Thursday, April 8, 2010

OMG u r the best!!!!! :)


You know what I'm talking about. You've seen it. I've seen it. I've done it. You've done it ('fess up). It's the super-casual, abbreviation-laden, exclamation-heavy email, often punctuated with an emoticon of sorts sent to a colleague at work.

It's one thing to shoot a quick note to your bff or even to your best-work-friend about non-work-related subjects (lunch on Tuesday ok? :))*. But when you're dealing with work projects or issues, simple and professional is key. Email is a tricky medium to begin with--a single punctuation or word can change the tone of an entire correspondence--so here are a few tips:
  • Word choice: Since this depends a lot on the subject of your email, it's hard to go into real specifics here. So we'll just stick with be clear and be careful. For example, if you have a qualm about the way a project is or will be handled, calling it an "issue" right off the bat will automatically position you against them--which might stand in the way of productive problem-solving.
  • Punctuation: I'm a bit grammar-crazy (I wrote the style guide for the organization I work for and copyediting is part of my job), so I may be a bit biased. But a few general tips: you only need one sentence-closer, unlike the title of this post (unless you are using two dashes to form an em dash), watch your commas and semicolons, and exclamatory statements are best kept to a minimum.
  • Capitalization: First letters in sentences. Names. Proper names. Magazine/book/show/movie titles. Not to capitalize: basically everything else. Refer to your company style guide if you have one (note: style guide is not capitalized because I'm talking about style guides in general). (Almost) nothing irks me more than misused capitalization.
  • Tone: Professional doesn't necessarily mean uptight and rigid (enter silly ha-ha work-appropriate joke here), and if you know your recipient (or all of your recipients) have similar humor then go ahead a infuse slight sarcasm. The real stuff is best saved for in-person jokes, where they can hear your voice tone and see your expression. Email is not a good conduit for either of those.
  • Structure: Organizing the contents of your email is the main key to getting your point across--a well-organized email goes a long way. Your email should start with a brief introduction to what you want to talk about and any pertinent background information, and end with a conclusion and next steps. For even a short email, split your topics into different paragraphs, with a topic sentence in each. Bullets are your friend.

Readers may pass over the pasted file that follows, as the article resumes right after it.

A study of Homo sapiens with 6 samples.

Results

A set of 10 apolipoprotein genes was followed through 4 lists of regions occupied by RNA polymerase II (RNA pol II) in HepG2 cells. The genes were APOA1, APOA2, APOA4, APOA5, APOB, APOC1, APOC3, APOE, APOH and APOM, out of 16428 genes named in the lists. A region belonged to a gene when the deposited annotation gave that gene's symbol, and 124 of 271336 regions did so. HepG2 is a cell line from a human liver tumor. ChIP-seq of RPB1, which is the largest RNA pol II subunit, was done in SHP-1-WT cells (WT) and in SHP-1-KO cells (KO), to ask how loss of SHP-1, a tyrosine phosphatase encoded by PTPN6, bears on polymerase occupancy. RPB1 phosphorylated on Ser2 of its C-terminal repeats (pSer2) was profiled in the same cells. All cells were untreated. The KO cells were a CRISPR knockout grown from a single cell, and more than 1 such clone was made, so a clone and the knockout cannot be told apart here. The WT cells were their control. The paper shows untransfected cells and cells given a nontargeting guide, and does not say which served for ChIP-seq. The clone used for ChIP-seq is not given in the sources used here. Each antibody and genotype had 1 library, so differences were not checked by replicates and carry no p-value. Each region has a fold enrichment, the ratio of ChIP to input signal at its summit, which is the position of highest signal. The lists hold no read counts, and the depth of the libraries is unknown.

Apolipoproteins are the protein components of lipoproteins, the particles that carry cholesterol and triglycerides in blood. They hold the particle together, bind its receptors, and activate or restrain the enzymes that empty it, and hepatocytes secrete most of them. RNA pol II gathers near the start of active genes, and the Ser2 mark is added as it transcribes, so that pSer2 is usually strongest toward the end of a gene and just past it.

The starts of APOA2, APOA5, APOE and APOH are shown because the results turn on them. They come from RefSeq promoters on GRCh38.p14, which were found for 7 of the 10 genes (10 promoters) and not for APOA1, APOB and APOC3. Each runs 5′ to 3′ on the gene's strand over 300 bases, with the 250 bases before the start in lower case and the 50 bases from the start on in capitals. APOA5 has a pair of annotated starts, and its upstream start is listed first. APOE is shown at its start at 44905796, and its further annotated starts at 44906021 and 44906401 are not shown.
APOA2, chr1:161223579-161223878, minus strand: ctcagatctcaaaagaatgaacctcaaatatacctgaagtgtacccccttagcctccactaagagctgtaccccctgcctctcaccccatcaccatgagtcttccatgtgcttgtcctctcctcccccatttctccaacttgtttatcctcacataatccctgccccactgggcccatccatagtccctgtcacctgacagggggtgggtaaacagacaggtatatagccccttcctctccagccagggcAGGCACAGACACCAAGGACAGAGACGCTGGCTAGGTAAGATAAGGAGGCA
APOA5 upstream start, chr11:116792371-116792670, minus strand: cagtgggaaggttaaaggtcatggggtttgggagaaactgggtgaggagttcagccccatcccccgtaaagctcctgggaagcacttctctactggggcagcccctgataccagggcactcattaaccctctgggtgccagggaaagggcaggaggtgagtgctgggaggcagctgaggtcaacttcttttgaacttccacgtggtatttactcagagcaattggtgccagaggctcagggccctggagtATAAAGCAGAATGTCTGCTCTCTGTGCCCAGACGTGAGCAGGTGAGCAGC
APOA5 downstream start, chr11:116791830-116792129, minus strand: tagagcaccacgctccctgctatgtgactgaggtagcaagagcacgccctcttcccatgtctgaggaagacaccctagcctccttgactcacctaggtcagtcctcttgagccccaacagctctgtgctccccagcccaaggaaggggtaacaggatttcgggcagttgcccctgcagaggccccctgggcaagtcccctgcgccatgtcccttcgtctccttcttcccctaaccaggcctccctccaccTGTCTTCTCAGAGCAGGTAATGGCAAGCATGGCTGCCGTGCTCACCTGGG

• Closing: This is one I've struggled with often. I sign my personal emails to my best friends "xoxo," and most of my business emails with a variation of "Thanks." But what if that doesn't flow with the content? I often see and in the past have used "Best," but on second thought it felt awkward. Best what? I'm the best? You're the best? Turns out it is short for "Best regards," which I feel is preferable to best (better than best, if you'd like). If the context calls for it, a "See you soon" or "Hope you join us" could work as well. Some other options: "Warm regards," "Regards," "Cordially," "Take care," and the classic "Sincerely."

The New Professional may not know all the answers, but your email doesn't have to give you away.

What are your top email tips?  Share them in the comments!

Photo source: Flickr user esparta

*The emoticon - parenthesis presents an interesting conundrum in text-only emails that leave it sideways.   Do I close the parenthetical, making my happy face look like it has a double chin?  Or do I scoff in the face of grammar and let the smile act as a closer?  I don't have a good answer to that yet, but will let you know if I ever come up with one.

6 comments:

  1. Tone can be difficult in an e-mail. One solution is to use something akin to a "movie script" format to cut down on the ambiguity if you really don't want something to be misinterpreted.

    For instance, if you want to say something sarcastic, but are afraid that it could be taken the wrong way if read out of context... you can say:

    *Sarcastic tone* Whatever you were going to say.

    It may be a little awkward... okay, maybe very awkward, but at least there is no ambiguity.

    *Wildly batting his eyelashes* Call me!


    i also have problems with the emoticon – parenthesis thing. i usually add a few words after the emoticon (blahblah :) more blahblah) or add another space after (blahblah :) ), which looks really weird, but i don't like the double chin look. ha!


    "Warm regards" always gets me. It's a little too over the top for me. How do you make your regards warm? Can they be cheerful regards? Fantastic regards? Disappointed regards? Have you EVER had a guy leave you an email with "warm regards?" That would just be creepy. No thanks, dude, I don't need your "warm regards." Please keep your distance.


    i reserve my 'warmest' regards for people i've met or have had a long-standing relationship with professionally. i default to 'best' regards to end emails on a positive note. 'thanks and regards' is also a standard staple for people i'm less effusively 'warm' with.

    i noticed i also reserve exclamation points for women and old men. does this make me sexist AND ageist? gasp!